Friday, January 28, 2011
D-Gaps: defense may take backseat to QBs
By Jason Vida
As you’ve read here and elsewhere, Super Bowl XLV will match the league’s top two scoring defenses for just the fourth time and first since Super Bowl XVII (after the 1982 strike-shortened season).
The Green Bay Packers allowed 15.0 points per game during the regular season, the fewest since their Super Bowl season of 1996. The only team to allow fewer was the Pittsburgh Steelers (14.5), who now have led the NFL in scoring defense three times in the past seven seasons.
However, a look back at the last time these two teams played offers a note of caution to all those predicting a low-scoring game. Combining the regular season and playoffs, there have been more than 10,000 games played during the Super Bowl era (since 1966). In exactly one of them, opposing quarterbacks threw for at least 375 yards with three touchdowns and no interceptions. That was on December 20, 2009, as the Steelers stunned the visiting Packers 37-36 when Ben Roethlisberger found Mike Wallace in the end zone from 19 yards out on the game’s final play.
“Big Ben” finished the game with 503 passing yards, the 10th-highest single-game total in league history. Aaron Rodgers wasn’t bad either, piling up 383 yards to go with his three scores. While the second Roethlisberger-Rodgers matchup isn’t likely to produce the same type of offensive fireworks, it could give us a much higher-scoring Super Bowl than many are predicting.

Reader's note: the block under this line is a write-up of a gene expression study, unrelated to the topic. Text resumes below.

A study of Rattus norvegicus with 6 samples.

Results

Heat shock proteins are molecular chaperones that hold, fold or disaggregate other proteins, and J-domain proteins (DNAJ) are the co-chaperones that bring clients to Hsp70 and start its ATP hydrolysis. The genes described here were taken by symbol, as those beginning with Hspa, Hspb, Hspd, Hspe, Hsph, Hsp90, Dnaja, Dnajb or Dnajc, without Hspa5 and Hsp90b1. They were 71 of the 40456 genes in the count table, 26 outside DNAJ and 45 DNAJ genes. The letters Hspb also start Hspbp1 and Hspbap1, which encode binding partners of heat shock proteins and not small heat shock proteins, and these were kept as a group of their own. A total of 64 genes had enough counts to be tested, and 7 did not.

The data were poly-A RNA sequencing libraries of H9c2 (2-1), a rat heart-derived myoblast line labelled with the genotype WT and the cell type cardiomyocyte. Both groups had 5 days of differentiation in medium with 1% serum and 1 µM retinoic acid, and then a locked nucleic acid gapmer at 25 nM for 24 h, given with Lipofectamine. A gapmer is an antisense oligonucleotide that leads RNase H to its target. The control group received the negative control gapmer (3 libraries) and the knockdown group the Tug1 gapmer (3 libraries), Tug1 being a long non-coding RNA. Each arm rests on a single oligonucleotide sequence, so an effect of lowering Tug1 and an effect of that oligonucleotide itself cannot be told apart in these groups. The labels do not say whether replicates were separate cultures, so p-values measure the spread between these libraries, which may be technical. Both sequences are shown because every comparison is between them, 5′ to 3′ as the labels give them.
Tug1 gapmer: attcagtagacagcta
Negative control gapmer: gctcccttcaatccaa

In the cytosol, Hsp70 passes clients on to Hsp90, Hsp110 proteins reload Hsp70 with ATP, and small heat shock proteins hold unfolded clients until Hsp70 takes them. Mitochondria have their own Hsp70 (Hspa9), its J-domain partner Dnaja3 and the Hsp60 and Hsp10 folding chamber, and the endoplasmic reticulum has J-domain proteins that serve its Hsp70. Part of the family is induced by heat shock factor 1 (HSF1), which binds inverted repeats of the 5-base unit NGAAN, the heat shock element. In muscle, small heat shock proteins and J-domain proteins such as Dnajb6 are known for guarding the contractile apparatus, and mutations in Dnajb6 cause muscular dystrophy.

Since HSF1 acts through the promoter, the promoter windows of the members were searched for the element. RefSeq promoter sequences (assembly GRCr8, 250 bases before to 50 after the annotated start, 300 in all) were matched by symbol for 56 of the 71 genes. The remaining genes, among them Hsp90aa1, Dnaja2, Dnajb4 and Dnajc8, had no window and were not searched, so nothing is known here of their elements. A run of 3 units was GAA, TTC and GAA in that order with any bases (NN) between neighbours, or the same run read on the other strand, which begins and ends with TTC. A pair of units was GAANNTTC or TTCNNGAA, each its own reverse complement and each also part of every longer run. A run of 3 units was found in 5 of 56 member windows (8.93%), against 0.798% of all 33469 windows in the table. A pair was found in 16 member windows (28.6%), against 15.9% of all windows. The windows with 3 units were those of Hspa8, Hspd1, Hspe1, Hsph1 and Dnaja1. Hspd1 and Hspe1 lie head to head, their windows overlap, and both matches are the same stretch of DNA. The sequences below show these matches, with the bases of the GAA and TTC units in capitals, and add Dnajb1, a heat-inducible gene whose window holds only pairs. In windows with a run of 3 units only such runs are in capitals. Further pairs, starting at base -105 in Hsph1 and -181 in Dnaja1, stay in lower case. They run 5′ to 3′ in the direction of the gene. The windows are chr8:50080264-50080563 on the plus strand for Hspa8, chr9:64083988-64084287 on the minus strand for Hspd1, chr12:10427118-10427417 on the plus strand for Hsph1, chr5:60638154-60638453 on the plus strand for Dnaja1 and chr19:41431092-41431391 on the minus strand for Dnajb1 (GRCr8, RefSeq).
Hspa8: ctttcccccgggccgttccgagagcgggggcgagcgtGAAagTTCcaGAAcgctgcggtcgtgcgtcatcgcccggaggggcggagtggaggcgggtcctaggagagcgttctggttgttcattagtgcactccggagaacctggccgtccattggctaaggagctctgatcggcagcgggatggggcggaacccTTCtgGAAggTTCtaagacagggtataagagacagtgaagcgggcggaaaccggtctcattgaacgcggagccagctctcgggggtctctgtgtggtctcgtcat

Rookie sends Packers to Dallas
In a defensive backfield that includes 2009 Defensive Player of the Year Charles Woodson and Pro Bowler Tramon Williams, an undrafted rookie made the plays that clinched Green Bay’s fifth Super Bowl trip.
In the NFC Championship Game against the Chicago Bears, Sam Shields registered a sack, a forced fumble and a pair of interceptions, including the game-icing pick deep in Packers territory with less than a minute remaining. Shields is the first player with a sack, forced fumble and two interceptions in a postseason game since sacks became an official statistic in 1982. Over the past 10 years, only two other players have posted that stat line in a regular-season game: Kansas City Chiefs cornerback Eric Warfield in Week 8 of 2003, and Woodson in Week 12 of 2009.
Steelers goal-line stand helped seal win
Is the criticism the New York Jets have faced for choosing to plunge into the middle of the league’s best run defense on fourth-and-goal from the 1-yard line in the AFC Championship Game appropriate?
During the regular season, Pittsburgh allowed opponents to convert on 75 percent (15-of-20) of running plays on third- and fourth-and-1, better than just seven NFL teams. On passing plays in those situations (including sacks), Steelers opponents converted only 54.5 percent (6-of-11) of the time, the 14th-lowest rate allowed by any defense.
So while the Jets' decision to keep the ball on the ground seems sound, they may have had the wrong player in the backfield. Over the past two seasons (including playoffs), Shonn Greene has moved the chains on 13 of 15 carries in third- and fourth-and-1 situations, the third-highest conversion rate (86.7 percent) among all running backs (minimum 10 carries). LaDainian Tomlinson, who was stoned at the goal line, has a conversion rate of 64.3 percent on such carries (9-of-14).